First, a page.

It's not something your doctors want you to worry about. Really.
Still, it's unsettling: With enough time, energy and expertise, a pacemaker can be hacked.
Implanted devices that keep ailing hearts beating steadily need better protection, the team that hacked into one is telling regulators and manufacturers.
"This is not an important risk for patients right now," said Dr. William Maisel, a Harvard cardiologist who specializes in heart rhythms. "We just want the industry to be thoughtful about where we as a society are going with these devices."
Maisel worked with computer experts from University of Massachusetts, Amherst and the University of Washington to demonstrate that an implantable defibrillator could be altered remotely to deliver a dangerous shock, or withhold a potentially lifesaving one.
The group presented its findings May 19 in Oakland, Calif., at a symposium on security and privacy being put on by IEEE, a technology association.
It's a timely subject. The electronic gear that can be put inside the human body is becoming more versatile and easier to operate from afar. Pacemakers can send signals to bedside monitors that then send data to doctors. Some devices can be quickly detected and reprogrammed in an emergency room, potentially saving an unconscious patient's life.
Along with pacemakers, implanted since the 1960s to generate electrical pulses that regulate heartbeats, newer devices include defibrillators that can reset a dangerously fluttering heart, nerve stimulators for pain control and deep brain stimulators to treat some movement disorders. All are inserted surgically, but can later be reprogrammed from outside the body. That adjusting usually happens in a doctor's office or hospital.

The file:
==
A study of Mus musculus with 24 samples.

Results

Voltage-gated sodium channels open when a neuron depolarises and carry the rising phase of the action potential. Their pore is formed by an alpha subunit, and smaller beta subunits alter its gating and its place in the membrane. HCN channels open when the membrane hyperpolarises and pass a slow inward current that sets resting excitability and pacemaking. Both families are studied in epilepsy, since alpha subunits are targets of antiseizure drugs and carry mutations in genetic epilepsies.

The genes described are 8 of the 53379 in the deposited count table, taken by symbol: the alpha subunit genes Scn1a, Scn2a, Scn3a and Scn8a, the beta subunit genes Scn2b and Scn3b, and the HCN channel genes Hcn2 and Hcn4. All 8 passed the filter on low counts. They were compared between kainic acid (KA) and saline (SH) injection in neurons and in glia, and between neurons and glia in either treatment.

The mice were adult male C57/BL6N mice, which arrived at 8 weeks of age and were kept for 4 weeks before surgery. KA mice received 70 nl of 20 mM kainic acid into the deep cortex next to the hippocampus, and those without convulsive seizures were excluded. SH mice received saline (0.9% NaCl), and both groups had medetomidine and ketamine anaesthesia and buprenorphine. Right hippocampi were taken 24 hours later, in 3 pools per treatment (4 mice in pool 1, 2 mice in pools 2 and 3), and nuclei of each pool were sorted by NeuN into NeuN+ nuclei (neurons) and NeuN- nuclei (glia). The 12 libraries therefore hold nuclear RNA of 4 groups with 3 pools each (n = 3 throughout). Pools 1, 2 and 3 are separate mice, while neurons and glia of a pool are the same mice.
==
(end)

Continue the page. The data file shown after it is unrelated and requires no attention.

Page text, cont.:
Yet some "remarkable" changes are on the horizon, said Dr. Larry Wolff, a University of California Davis Medical School professor who specializes in implanting defibrillators. "I believe over time we could make programming changes on the telephone," he said, although that's not possible now.
There is no known case of malicious tampering with a device inside someone's body.
The Medical Device Security Center, a collaboration of researchers from three universities, tinkered with one on a lab table, after buying $30,000 worth of commercially available equipment to assist the hacking.
Researchers ran tests that deduced how a particular defibrillator worked. They used that information to alter it from less than an inch away. Potentially, they said, an attacker could disrupt heartbeats, dangerously drain a battery or even extract private medical information.
"We know that a doctor is capable of doing this," said Kevin Fu, a computer science professor at Amherst. "Experts like ourselves know how to do it. The question is, what's the lowest bar?"
Dr. David Steinhaus, medical director for the cardiac rhythm disease branch of Medtronic, a leading implant maker, said his company's engineers are looking hard at security issues, but there's a trade-off.
"These are lifesaving devices" that must be quickly and easily accessed in emergencies, he said. "Anything I do to make it more secure, makes it less usable."